Write a resume to get the job you want

A resume is your first impression to potential employers, so win them over quickly with these tips.

resume streamNew graduates will soon hit the streets looking for jobs, and competition is high. 

Joy Jones, M.Ed., assistant director with the University of Alabama at Birmingham Career and Professional Development Services, has pointers for new jobseekers to create an effective resume.

“The purpose of the resume is to get you to the interview stage of the hiring process, so it should highlight your most relevant skills and qualifications,” Jones said. “It should be focused, clear and concise.”

A resume is the first impression potential employers have, so win them over quickly by standing out from the crowd of other applicants.

Word choice is important. Be aware that many employers use programs called Applicant Tracking Systems to scan a resume when it is submitted for a position. The program recognizes keywords, many of which are in the job posting, in order to find the best match for the position.

Most recruiters take only about 10 seconds to review your resume. “There are different stats on this; but if you don’t make an impact in that time, you’ll get passed by for the job,” Jones said. “If you do make an impact, they will at least take a more in-depth look at your resume.”

“Errors in grammar and spelling, along with typos, are one of the easiest ways to get rejected from an opportunity."

Target your resume to the specific job. “About 85 percent of employers agree that you have to tailor your resume for the position for which you are applying. Prioritizing your most important applicable skills and qualifications can make a big difference.”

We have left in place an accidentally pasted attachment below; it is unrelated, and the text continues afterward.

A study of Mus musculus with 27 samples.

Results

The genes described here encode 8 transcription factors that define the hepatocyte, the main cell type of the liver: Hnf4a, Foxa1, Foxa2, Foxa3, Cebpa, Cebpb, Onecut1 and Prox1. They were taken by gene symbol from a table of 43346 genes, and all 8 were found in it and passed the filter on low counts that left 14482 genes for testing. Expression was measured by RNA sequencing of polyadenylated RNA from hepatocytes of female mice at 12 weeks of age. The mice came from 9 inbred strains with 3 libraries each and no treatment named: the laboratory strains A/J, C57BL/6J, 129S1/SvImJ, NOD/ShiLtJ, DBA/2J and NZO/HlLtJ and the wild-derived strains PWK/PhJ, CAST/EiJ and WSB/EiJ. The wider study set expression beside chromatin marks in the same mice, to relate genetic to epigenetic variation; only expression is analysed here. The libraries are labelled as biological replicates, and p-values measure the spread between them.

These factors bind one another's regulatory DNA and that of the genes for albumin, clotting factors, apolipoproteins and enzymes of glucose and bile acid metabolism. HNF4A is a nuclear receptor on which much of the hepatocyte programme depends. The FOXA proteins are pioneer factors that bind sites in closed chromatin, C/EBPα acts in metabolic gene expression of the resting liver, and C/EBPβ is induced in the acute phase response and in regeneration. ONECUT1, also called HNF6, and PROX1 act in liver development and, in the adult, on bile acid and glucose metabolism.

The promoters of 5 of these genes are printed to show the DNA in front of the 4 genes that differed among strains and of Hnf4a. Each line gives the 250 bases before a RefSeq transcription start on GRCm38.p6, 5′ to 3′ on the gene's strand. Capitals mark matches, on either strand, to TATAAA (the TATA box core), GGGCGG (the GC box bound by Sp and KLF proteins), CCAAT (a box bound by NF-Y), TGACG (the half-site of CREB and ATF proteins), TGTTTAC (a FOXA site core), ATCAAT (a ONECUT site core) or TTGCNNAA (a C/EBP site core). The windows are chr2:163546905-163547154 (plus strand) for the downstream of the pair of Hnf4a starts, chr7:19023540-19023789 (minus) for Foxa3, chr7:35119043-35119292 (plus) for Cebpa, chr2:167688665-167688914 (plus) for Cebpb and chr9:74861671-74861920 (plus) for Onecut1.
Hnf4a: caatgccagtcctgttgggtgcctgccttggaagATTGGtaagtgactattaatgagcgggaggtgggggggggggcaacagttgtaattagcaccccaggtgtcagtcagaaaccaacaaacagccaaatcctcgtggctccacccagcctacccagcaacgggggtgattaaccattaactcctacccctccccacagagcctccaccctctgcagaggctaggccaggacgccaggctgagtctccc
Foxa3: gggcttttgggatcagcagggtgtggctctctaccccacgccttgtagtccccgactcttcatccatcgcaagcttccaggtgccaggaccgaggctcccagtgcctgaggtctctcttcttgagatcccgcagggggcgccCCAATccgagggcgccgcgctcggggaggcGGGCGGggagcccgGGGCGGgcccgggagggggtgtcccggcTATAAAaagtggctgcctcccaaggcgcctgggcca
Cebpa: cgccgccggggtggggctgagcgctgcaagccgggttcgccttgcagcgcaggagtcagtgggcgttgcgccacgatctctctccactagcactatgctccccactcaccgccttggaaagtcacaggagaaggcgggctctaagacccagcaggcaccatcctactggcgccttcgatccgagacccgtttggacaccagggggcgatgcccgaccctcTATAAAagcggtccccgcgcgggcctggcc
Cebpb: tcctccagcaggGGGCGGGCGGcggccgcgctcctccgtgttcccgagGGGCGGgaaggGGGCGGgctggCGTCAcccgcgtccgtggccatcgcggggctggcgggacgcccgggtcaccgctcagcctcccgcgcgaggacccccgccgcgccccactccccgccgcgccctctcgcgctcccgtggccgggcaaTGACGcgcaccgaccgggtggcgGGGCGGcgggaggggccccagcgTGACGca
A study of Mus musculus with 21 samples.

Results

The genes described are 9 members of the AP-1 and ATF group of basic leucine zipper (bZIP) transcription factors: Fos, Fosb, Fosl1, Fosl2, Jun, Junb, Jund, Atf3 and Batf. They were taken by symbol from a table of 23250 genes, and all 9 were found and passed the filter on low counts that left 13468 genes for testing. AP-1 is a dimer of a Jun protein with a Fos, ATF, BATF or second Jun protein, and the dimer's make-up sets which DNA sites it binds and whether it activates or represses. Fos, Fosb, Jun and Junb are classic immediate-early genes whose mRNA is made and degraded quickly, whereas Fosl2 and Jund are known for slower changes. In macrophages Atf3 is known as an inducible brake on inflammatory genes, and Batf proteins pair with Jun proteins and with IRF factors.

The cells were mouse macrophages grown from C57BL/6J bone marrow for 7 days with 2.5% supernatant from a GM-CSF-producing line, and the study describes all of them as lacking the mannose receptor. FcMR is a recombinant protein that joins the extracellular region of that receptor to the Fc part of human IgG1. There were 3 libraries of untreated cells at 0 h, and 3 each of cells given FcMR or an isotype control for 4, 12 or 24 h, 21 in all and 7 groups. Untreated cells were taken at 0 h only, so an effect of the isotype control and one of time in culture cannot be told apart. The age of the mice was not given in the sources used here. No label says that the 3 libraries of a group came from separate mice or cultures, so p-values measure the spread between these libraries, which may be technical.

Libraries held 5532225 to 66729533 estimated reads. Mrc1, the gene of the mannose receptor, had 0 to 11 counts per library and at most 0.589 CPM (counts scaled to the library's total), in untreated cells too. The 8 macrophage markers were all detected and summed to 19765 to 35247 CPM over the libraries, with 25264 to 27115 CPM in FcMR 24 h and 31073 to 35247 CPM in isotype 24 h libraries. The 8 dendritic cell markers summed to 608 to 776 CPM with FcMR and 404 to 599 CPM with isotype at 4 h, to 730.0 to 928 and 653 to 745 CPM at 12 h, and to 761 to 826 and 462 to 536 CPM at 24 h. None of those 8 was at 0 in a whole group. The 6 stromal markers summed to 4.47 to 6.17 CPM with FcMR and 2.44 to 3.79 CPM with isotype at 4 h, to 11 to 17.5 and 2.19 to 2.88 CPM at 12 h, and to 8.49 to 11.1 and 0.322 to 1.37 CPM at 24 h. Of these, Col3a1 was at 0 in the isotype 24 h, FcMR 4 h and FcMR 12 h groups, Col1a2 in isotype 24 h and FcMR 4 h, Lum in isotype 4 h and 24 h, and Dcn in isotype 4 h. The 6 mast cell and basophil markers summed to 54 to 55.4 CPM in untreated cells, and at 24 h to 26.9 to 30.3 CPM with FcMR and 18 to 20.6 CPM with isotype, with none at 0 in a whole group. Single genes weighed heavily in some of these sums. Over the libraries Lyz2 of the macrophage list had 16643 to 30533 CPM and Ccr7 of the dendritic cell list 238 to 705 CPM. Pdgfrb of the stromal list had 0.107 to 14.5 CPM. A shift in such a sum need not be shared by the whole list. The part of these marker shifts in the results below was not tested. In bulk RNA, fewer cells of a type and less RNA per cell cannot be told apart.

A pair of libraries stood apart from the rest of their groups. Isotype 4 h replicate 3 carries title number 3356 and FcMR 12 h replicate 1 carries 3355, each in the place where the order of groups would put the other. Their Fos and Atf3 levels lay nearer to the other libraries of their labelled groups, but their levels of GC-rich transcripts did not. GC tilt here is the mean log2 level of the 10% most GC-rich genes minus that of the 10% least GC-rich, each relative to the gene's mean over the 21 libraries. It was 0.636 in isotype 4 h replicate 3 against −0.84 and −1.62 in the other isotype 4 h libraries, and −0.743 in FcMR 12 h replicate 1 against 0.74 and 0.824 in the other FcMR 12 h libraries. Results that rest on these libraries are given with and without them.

Proofread. Read through your resume draft after every change, and get friends or family to read and critique the finished product. “Errors in grammar and spelling, along with typos, are one of the easiest ways to get rejected from an opportunity. In a recent survey, an overwhelming majority of employers indicated they had passed over a candidate due to these types of errors.”

Be concise. For students just entering the workforce, a one-page resume works for most industries, so use your space wisely. According to an online employer forum sponsored by the National Association of Colleges and Employers, employers want to read more about how a candidate fits the job than where he or she lives. It is also recommended to eliminate objective statements and the ‘References available upon request’ line.

Accomplishments are better than duties. “A list of job duties tells only what you did on the job, but accomplishments show how well you did those duties and to what effect,” Jones said. “Nearly 90 percent of employers prefer to see verifiable accomplishments on the resume.”

UAB students and alumni who want a resume review or help with creating a resume can call Career and Professional Development at 205-934-4324 or email at careerservices@uab.edu.